The state Republican convention last weekend on Jekyll Island laid bare the enormous split the party now has in Georgia in the wake of former President Donald Trump’s lambasting of the governor and secretary of state for not doing more to overturn his loss to Joe Biden in Georgia in November.
The convention and, apparently, the party is now divided between Trump loyalists who believe Democrats “stole” the election, and those realistic Republicans who believe it’s time to move on from the results and the former president’s still powerful hold on national party leadership.
The convention voted to censure Secretary of State Brad Raffensperger, who defended the election results that withstood three counts and recounts in 2020 and lawsuits alleging voter fraud in Georgia and other states this year.
Raffensperger supported tightening of election ID laws as he defended the results. As a result he earned the wrath of Trump by not doing something to find enough votes to give him Georgia’s 16 electoral votes.
He also took the initiative to send out absentee voting applications in the early spring of 2020 just as the then-little known pandemic was beginning to hit the state hard.
Raffensperger took this action so Georgia voters could cast their ballots without risking their safety because of COVID-19. Reaction to that move from Trump and, ultimately, his seemingly blindly obeying followers, has haunted the secretary of state ever since.
The secretary of state now is in position not to even win his own party’s nomination for his job in the 2022 election. U.S. Rep. Jody Hice, R-Greensboro, is Trump’s endorsed candidate for the position and appears to be the front-runner at this point — though former Alpharetta mayor David Belle Isle is running a strong race as well.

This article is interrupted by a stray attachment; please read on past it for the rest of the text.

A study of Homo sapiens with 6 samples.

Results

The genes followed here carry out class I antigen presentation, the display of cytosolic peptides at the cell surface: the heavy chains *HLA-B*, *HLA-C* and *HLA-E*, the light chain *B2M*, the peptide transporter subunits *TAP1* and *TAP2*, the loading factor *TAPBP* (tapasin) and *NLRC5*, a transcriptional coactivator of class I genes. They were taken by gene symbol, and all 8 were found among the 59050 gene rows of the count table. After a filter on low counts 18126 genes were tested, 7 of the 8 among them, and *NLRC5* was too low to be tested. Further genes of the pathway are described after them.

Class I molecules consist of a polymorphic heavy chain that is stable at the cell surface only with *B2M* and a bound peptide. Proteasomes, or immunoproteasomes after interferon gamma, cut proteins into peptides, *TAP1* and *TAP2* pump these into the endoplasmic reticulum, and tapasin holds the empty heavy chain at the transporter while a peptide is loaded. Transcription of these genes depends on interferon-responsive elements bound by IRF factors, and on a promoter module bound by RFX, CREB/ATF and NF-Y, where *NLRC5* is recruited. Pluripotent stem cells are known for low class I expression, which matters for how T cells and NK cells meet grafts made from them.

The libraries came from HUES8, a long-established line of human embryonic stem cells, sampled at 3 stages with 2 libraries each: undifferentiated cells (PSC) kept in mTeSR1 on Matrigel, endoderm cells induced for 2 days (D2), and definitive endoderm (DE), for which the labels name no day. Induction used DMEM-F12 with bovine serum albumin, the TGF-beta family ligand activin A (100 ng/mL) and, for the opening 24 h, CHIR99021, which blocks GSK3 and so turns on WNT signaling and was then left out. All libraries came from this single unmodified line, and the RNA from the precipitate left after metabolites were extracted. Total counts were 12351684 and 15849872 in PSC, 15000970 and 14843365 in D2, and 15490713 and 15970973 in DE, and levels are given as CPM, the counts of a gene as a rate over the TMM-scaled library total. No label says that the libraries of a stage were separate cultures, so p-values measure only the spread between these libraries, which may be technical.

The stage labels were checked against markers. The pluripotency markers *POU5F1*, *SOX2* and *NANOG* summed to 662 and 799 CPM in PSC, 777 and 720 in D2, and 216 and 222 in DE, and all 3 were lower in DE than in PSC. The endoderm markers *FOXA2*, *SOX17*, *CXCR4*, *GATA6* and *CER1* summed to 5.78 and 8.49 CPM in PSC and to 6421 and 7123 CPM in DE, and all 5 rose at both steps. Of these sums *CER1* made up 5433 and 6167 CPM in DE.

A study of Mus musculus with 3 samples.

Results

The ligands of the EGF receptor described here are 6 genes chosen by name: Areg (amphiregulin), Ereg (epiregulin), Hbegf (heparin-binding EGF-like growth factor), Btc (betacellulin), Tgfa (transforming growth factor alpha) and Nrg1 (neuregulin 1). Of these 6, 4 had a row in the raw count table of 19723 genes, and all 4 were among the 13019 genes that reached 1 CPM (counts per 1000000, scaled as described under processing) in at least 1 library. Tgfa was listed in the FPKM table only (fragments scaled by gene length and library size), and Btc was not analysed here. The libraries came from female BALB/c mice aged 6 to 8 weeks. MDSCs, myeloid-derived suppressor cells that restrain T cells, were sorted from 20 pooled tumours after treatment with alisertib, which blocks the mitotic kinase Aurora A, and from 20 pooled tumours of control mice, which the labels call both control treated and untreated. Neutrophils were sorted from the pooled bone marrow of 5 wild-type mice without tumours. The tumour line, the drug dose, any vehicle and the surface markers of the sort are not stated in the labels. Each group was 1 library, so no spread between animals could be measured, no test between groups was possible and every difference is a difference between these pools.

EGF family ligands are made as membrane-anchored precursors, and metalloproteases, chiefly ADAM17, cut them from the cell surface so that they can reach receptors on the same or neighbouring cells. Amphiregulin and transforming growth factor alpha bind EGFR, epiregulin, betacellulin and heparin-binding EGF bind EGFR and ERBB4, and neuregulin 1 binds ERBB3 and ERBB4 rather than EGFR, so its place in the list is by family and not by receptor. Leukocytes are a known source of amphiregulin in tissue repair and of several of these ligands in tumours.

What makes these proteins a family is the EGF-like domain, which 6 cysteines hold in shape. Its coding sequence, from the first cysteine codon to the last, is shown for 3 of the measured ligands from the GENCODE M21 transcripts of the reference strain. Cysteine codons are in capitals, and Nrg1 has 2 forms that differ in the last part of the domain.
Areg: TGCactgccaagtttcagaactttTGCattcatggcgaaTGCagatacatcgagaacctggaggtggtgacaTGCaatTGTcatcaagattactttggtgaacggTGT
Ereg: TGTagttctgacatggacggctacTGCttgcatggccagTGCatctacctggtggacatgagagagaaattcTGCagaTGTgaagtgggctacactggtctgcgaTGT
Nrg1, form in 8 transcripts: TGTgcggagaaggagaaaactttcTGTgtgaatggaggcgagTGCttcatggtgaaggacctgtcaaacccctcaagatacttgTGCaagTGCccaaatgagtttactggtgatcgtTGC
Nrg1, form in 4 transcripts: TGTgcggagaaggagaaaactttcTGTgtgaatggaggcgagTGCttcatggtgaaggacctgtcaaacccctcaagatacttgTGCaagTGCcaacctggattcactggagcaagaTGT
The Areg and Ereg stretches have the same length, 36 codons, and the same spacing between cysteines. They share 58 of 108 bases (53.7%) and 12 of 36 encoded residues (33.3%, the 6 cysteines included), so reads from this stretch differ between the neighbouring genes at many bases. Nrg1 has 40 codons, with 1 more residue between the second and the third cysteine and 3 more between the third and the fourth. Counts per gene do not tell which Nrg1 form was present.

Hice appears to be using the Trump playbook in running for the seat. Raffensperger responded that, “Few have done more to cynically undermine faith in our election system than Jody Hice ... Georgia Republicans seeking a candidate who’s accomplished nothing on election reform or anything else, now have one.”
The secretary, who is the state's chief elections official, followed state law just as Gov. Brian Kemp did in not moving to use whatever power he had to overturn the results.
The governor has taken a number of steps in recent weeks to build support inside the GOP, according to the Capitol Beat News Service.
“He got behind controversial legislation overhauling Georgia’s election laws that is popular among Republicans, opposed a proposed Biden administration education plan to emphasize the existence of systemic racism throughout America’s history and banned state agencies from requiring COVID-19 ‘vaccine passports,’” the News Service reported.
Still, the state’s first lifelong Republican governor in its history (governors Sonny Perdue and Nathan Deal were Democrats turned Republicans) was booed at the state Republican Convention for following state law.
Kemp seems to be in a better position to win reelection at this early stage.
But this infighting within the party has already prompted Lt. Gov. Geoff Duncan not to seek reelection next year.
It will be interesting to see just how far to the Trump right the state’s Republicans will go before they figure out Democrats are now formidable adversaries in Georgia — and are united.
Tom Spigolon is news editor of The Covington News. He may be reached at email@example.com.